Eucalyptus is an evergreen tree native to Australia.  You might be most familiar with eucalyptus plants as a favorite food of the koala.  Once you learn about its medicinal properties, it may become a favorite for you too.

The leaves of the eucalyptus tree contain oils that are believed to have antiseptic and anti-inflammatory properties. These oils are commonly used in a variety of products, including throat lozenges, rubs, and inhalants.

One of the most common uses for eucalyptus is as a decongestant. When the oils are inhaled, they can help to clear nasal passages and relieve congestion caused by colds, flu, and allergies. Eucalyptus inhalants can be found in the form of oils, sprays, and steam inhalants. To use eucalyptus as a decongestant, simply add a few drops of the oil to a large bowl of hot, steaming water, throw a towel over your head and inhale the steam. Alternatively, you can use a eucalyptus inhalant spray or apply eucalyptus oil to a cloth and inhale the scent. However, it is important to use eucalyptus oil in moderation and to dilute it with a carrier oil, such as almond oil or coconut oil, before applying it to a cloth.

In addition to its use as a decongestant, eucalyptus is also believed to have pain-relieving properties. It is commonly used to treat muscle aches, arthritis, and other types of chronic pain. Eucalyptus can be applied topically in the form of creams, gels, and rubs, or it can be taken orally in the form of supplements.

Eucalyptus is also believed to have antibacterial and antiviral properties, making it a popular choice for the treatment of wounds and skin infections. It is commonly used in the form of a cream or ointment and can be applied directly to the affected area.

One fact that many people may not know about eucalyptus is that it is often used as a natural pest control. The strong scent of the eucalyptus oil is believed to repel insects, including mosquitoes, flies, and fleas. Eucalyptus oil can be applied topically or diffused using an essential oil diffuser to keep pests at bay.

In conclusion, eucalyptus is a versatile and effective natural remedy that can be used to treat a wide range of ailments, including congestion, pain, and skin infections. Its strong, refreshing scent makes it a popular choice for use in a variety of products, including inhalants, creams, and diffusers.

** As with anything, moderation and following instructions are key.    

Eucalyptus oil is generally considered safe when used as directed. However, it can be toxic if ingested in large amounts or if it comes into contact with the eyes. Ingesting eucalyptus oil can cause symptoms such as nausea, vomiting, and diarrhea. If ingested in large amounts, eucalyptus oil can cause more serious symptoms, including dizziness, drowsiness, and even coma.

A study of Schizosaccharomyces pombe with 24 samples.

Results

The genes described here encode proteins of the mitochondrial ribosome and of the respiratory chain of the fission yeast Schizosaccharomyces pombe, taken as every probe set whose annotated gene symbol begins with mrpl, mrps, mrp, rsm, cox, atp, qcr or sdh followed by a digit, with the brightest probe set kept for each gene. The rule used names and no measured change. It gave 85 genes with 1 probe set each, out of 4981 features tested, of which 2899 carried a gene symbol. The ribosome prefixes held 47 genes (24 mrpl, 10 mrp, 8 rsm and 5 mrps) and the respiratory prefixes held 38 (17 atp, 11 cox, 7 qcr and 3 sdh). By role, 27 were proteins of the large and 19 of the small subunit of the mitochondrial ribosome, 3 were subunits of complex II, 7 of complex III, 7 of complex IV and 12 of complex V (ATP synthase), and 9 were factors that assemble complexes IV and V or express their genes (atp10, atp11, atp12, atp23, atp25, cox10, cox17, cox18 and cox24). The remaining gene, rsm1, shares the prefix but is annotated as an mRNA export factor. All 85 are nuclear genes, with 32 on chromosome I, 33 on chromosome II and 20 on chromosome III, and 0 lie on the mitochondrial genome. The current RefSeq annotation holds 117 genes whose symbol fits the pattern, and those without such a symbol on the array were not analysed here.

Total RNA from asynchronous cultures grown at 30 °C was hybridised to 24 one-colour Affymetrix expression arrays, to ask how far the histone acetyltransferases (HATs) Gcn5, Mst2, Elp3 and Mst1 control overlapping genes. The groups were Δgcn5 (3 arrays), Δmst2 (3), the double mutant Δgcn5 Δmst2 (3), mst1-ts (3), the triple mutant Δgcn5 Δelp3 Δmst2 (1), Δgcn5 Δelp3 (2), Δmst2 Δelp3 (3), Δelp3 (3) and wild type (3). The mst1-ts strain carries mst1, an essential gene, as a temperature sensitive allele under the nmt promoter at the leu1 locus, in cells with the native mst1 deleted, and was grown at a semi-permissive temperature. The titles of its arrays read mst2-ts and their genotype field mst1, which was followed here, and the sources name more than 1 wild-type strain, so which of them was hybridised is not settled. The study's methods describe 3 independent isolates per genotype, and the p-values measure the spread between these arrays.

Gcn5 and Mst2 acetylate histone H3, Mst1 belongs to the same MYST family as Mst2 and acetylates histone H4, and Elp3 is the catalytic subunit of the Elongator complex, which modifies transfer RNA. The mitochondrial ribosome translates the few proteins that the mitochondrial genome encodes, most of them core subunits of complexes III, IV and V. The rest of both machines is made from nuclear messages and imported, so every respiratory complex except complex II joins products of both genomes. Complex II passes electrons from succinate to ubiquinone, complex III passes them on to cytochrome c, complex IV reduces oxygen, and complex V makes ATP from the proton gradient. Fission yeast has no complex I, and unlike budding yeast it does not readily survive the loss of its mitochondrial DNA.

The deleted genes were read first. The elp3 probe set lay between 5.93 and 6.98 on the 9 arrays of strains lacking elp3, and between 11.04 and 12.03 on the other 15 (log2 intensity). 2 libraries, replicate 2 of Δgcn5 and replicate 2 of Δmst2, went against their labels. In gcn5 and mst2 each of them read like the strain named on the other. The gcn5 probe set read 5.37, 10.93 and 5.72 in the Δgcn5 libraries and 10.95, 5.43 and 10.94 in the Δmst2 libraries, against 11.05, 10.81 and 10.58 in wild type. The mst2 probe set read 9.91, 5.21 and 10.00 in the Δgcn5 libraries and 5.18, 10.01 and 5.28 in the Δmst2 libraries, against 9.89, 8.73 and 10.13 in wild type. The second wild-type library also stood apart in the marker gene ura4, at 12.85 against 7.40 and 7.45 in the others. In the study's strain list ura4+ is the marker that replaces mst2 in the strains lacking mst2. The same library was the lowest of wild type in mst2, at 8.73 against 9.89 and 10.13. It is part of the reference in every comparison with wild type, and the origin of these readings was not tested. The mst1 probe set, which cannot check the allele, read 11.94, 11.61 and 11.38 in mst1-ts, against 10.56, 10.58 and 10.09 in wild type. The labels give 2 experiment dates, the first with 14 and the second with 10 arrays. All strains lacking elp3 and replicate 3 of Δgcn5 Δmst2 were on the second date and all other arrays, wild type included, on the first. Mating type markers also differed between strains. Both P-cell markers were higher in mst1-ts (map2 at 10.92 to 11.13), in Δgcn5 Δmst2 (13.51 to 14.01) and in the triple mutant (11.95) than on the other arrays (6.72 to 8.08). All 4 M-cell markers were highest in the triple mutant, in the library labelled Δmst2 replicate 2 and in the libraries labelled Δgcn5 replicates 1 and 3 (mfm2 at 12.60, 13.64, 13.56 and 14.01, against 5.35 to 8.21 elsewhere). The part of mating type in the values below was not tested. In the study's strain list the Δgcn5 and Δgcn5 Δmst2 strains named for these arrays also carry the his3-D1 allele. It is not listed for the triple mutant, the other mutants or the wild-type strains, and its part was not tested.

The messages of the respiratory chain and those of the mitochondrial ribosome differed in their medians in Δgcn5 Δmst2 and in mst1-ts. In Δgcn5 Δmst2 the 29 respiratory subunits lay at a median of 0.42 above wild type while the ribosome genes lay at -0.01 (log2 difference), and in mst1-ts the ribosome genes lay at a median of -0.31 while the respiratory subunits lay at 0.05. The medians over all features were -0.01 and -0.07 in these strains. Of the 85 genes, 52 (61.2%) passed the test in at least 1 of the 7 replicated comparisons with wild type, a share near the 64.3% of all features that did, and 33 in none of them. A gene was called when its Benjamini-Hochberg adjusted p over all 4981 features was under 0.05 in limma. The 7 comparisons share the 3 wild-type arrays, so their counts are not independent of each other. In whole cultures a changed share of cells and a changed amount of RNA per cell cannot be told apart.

The safe use of eucalyptus oil depends on several factors, including the intended use of the oil and the person using it. Here are some general guidelines for the safe use of eucalyptus oil:

  • Topical use: When used topically, eucalyptus oil should be diluted with a carrier oil, such as almond oil or coconut oil. A dilution of 2-5% eucalyptus oil is generally considered safe for adults. This means that for every 1 ounce (30 mL) of carrier oil, you should use no more than 15-30 drops of eucalyptus oil.
  • Inhalation: Eucalyptus oil can be inhaled to help clear congestion and relieve other respiratory symptoms. When using eucalyptus oil for inhalation, it is generally safe to use a few drops of the oil in a bowl of hot water or in an essential oil diffuser. Avoid inhaling eucalyptus oil directly from the bottle, as this can be irritating to the respiratory system.
  • Oral consumption: Eucalyptus oil should not be taken orally unless directed by a healthcare provider. If you are considering taking eucalyptus oil orally, it is important to speak with your healthcare provider first to determine the safe dosage for your specific needs.

** It is always a good idea to start with a low concentration of eucalyptus oil and gradually increase the amount if needed. If you experience any adverse reactions after using eucalyptus oil, stop using it immediately and seek medical attention.


If you’re like me, always looking for ways to be more self sufficient, you may be thinking about growing it.  Great news… it’s feasible.  In its natural Australian environment, it can grow to nearly 60 feet, a little bigger than I think I can handle.  Fortunately, when planting eucalyptus in home gardens, it stays much smaller… around six to ten feet high. Being that is native to Australia, it is well adapted to dry, hot conditions.  Keep in mind, eucalyptus can be sensitive to frost and may not survive in areas with cold winters.

If you decide to plant a tree, let us know and send photos.

We have an entire page of natural remedies. If you have natural remedies you choose, please share them — it takes a community!